As a child you expect teachers to know everything. But believe me they do not.
In 6th grade I had to do a book report and we were free to choose the book we reported on. I just finished reading “Bloodsucking Fiends” by Christopher Moore. I enjoyed the book immensely, as it had a good dose of wit and comedy and the heroine was not to grotesque despite being a bloodsucking fiend.
Now we all know the word fiend: if you don’t, see the below extract from the Merriam Webster online dictionary.
1. an evil spirit; demon; devil
2. a person who is extremely wicked, esp in being very cruel or brutal
a. a person who is intensely interested in or fond of something a fresh-air fiend he is a fiend for cards
b. an addict a drug fiend
4. (Informal) a mischievous or spiteful person, esp a child
Now I did a good job summarising the book in 200 words, and remember the pride I felt when I handed it in.
I also recall the day I got it back and I saw the small red circle in the book title, the small arrow under the word “fiend” and a small red ‘r’ above it. My dear Mrs Thomas, my sixth grade English teacher (and she was a mother tongue English speaker to boot) had subtracted one mark for a spelling error.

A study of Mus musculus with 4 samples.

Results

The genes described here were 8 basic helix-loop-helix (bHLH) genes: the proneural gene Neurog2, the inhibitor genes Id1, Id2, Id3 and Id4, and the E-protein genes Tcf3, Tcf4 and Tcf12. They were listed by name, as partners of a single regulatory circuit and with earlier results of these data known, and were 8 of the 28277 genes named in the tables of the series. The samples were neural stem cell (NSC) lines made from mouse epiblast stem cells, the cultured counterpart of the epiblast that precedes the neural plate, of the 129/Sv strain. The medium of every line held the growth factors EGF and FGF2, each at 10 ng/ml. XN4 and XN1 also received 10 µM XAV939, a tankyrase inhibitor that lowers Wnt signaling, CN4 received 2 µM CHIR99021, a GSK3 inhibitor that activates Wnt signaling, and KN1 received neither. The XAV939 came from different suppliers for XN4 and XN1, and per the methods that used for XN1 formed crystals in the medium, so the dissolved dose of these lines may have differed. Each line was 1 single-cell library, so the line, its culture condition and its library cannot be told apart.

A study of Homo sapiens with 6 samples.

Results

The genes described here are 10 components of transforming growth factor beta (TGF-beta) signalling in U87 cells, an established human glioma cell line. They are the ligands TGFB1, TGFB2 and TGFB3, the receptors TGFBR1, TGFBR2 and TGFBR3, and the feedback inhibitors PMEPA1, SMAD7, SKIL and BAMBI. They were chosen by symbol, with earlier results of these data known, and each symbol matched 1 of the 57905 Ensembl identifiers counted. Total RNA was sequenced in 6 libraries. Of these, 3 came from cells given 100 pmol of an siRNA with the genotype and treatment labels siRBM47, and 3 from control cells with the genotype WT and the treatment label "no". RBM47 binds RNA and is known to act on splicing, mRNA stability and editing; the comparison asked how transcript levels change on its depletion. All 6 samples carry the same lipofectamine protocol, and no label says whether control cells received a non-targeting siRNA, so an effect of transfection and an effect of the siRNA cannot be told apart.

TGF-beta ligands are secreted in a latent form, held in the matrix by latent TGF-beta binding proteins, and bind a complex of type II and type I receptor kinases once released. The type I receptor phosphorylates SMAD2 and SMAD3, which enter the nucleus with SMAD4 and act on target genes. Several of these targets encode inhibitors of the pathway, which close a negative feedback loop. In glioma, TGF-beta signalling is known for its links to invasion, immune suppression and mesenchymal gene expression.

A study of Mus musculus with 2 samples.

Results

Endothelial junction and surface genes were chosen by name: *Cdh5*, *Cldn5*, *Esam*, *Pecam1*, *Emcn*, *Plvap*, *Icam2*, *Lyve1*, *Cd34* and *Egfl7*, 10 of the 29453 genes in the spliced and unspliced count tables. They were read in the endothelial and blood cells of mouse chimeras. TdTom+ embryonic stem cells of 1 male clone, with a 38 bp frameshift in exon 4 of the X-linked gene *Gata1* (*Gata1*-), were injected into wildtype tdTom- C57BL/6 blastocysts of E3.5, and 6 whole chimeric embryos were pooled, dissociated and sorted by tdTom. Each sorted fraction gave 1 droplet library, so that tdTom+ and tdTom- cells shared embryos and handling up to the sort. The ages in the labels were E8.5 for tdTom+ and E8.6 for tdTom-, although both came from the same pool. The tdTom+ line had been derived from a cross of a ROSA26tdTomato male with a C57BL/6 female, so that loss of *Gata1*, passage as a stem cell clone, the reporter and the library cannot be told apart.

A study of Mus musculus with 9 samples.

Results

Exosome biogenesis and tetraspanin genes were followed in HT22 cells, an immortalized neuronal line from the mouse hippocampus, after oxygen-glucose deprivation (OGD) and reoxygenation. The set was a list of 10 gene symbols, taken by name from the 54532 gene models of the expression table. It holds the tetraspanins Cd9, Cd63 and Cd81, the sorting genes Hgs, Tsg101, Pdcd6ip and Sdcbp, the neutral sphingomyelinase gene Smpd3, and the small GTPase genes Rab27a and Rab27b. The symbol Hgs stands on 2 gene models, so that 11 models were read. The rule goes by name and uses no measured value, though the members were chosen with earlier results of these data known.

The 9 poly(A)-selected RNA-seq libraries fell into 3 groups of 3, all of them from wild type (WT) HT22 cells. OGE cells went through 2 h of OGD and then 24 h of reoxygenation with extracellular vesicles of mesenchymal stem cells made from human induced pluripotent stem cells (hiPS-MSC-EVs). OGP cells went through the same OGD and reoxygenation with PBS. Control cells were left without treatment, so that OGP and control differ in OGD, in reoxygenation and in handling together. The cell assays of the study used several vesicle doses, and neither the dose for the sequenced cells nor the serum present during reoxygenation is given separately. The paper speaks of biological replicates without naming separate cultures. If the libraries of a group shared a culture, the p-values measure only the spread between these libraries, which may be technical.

“Miss, the book is called blood sucking fiends” I said, when I lodged my appeal for my mark to be given to me. I stressed the word “fiends” for extra attention and felt my hopes turn into dejection as I saw the blank look I her eyes. “It can’t be,” she said ‘Just accept that you made a mistake and don’t make a scene now.” I was flabbergasted, gobsmacked, utterly and totally astonished at her lack of understanding. I was a straight A student. I did not make ‘mistakes’ like this.
Unfortunately I had already returned the book to the library and as the library was in a town a good 60 kilometres away from where I lived, (farm girl) I had to wait a week before I could go back and find the book again. Luckily it was not out, so I did a little victory dance and planned my victory in class the next day.
My teacher was speechless when I stood before her desk the very next morning, my book report in one hand and the book in the other. ‘See, Miss? The book is called “Blood sucking fiends” not friends.” I tried hard not to sound imperious, but failed miserably in that attempt. My teacher at least had the grace to blush.
Faced with evidence such as this she had no choice but to concede the point and change my mark from 90% to 100% and I beamed for a week.
And not because I got full marks, but because I was right and my teacher was wrong.
I took a fiendish pleasure in my superior knowledge.